The man at my desk begins with a letter, reveling in something which may not end. Our typewriter sits in the corner, collecting dust, while I sit in another – trembling, grinning as he twirls. Jagged expression fills the spaces between us. Bemusement sculpts my thoughts as I watch a slitted vein coalesce between his eyes.

The letter opener he grips is shivering, as he tears open the note. I repress my urge to fabricate, to look over his shoulder. To do so is to grip his fingers strangely while he reads aloud his words without sound.

The man at the desk will later lay claim to that frail claim, that author’s frail claim, of knowing but one of the both of us. And so I panic when I fail to recognize that author’s name, but I hide it well. So must the man at my desk, no longer at our desk, who goes about his business in spite of what fills the room.

One of us follows the other into the breakfast nook, where a plate from the night before rests beneath a half-eaten loaf of bread. The sour, dry sensation filling my mouth is the unwelcome reminder of something that I’ve already forgotten, as I stop the man from picking up his knife. He insists that it’s for the butter, but its serrated edge tells me otherwise.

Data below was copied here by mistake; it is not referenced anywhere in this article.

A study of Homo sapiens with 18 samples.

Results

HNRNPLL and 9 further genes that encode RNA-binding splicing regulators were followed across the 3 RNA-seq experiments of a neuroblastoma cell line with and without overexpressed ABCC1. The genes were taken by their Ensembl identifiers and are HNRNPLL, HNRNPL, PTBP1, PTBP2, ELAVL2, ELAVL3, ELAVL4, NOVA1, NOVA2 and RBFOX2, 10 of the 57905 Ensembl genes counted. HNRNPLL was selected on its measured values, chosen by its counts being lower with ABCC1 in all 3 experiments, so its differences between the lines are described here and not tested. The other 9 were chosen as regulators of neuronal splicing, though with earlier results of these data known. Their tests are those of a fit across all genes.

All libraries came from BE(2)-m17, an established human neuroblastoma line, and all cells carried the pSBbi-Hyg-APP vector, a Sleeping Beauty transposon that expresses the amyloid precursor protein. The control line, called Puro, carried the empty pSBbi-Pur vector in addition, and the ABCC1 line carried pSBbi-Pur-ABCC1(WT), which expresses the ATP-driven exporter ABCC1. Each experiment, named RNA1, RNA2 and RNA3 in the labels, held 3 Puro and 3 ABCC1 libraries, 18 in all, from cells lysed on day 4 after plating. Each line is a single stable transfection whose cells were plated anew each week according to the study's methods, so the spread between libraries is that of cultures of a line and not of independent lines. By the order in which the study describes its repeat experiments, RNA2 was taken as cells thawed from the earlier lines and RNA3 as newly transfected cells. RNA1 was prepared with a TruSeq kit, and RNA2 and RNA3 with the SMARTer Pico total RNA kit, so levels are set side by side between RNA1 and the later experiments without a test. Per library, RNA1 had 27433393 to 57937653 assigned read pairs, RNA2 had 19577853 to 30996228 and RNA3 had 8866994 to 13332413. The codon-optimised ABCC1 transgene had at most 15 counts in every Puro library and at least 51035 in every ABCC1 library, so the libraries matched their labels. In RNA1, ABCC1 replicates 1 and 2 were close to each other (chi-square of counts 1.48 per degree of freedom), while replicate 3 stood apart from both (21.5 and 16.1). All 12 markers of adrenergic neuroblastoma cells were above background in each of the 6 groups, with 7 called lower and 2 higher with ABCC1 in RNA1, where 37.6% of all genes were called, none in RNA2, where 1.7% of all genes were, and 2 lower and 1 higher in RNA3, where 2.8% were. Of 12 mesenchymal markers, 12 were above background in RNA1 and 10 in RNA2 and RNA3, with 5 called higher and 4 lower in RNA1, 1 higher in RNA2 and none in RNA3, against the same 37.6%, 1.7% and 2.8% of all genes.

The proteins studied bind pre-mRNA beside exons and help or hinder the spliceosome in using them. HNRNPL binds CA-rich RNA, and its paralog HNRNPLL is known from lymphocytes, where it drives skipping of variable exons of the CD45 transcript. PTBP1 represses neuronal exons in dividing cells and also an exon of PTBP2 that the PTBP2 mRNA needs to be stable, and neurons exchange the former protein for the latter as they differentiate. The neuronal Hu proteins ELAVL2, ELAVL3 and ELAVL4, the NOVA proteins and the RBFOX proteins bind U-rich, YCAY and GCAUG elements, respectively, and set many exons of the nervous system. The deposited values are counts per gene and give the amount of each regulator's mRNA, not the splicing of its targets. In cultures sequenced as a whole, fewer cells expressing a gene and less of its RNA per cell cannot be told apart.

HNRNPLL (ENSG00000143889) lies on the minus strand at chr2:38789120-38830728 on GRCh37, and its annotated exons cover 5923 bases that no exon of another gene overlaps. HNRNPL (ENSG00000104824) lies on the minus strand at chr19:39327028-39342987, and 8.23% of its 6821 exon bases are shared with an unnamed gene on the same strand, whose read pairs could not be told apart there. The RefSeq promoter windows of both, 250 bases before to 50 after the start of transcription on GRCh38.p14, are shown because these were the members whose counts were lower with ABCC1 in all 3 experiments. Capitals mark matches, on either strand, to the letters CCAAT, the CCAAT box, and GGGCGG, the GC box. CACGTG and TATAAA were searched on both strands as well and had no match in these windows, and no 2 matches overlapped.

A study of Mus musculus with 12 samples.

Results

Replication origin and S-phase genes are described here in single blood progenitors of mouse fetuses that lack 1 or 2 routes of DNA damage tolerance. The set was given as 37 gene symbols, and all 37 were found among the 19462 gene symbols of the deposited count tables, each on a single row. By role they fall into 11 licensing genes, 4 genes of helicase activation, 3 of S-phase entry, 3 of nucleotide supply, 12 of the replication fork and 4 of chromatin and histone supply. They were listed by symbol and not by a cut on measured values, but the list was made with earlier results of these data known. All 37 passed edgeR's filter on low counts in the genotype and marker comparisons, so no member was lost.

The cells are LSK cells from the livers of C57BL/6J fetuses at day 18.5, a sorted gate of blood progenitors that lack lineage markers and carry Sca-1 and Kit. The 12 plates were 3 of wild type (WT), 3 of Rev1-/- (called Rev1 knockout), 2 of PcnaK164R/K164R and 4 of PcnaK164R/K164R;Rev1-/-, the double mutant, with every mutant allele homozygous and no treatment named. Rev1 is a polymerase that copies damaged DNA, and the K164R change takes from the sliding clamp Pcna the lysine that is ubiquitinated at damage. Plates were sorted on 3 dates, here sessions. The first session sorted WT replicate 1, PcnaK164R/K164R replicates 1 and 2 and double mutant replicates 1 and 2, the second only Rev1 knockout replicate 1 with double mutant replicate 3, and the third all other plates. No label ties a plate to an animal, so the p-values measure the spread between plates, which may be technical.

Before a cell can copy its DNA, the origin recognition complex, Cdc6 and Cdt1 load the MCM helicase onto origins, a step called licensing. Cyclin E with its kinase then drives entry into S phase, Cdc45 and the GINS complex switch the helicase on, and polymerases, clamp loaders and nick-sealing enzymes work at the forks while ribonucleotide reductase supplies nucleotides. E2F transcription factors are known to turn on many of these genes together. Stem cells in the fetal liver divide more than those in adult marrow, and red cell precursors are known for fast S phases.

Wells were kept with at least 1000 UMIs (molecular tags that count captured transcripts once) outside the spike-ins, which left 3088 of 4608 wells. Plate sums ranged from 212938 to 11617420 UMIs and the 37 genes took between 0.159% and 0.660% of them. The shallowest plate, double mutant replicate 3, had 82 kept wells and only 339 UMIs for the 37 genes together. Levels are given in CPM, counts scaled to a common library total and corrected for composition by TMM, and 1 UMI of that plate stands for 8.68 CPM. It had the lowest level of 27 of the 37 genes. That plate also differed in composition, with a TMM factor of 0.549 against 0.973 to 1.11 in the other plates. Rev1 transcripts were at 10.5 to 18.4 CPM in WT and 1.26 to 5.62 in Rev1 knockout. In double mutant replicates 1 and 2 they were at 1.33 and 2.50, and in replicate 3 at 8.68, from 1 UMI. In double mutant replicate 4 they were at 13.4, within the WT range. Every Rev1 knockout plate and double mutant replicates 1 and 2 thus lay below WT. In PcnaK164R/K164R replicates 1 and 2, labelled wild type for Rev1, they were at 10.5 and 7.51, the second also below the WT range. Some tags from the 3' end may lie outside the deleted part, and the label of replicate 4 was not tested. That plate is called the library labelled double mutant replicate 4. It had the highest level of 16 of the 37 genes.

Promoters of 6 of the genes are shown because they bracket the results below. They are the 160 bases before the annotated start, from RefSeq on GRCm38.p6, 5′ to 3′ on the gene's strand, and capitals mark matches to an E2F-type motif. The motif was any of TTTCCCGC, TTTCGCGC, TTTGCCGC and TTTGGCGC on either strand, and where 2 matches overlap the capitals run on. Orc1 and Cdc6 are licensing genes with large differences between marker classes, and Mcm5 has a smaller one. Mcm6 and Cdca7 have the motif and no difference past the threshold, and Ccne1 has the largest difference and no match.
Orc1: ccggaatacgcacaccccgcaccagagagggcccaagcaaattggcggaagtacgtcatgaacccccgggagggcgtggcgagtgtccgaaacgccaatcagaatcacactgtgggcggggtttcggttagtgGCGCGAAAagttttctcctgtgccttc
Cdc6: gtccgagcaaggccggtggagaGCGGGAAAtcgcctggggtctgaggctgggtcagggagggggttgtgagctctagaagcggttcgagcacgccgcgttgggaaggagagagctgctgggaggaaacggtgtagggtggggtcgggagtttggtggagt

Relinquishing beneath the pressure of my glare, we gaze out the window together. He begins to insist that our gardener is stealing our peaches but I pretend not to believe him, with that passive hostility I’m known to express. Eyes widening, he jabs a finger furiously upon the glass pane, smudging it on one side as another jabs back. Another him. But not a gardener, I’m prone to point out as I open the door.

“These three misfits”, I imagine them chanting as we traverse a strip mall, before lunch. My skin burns.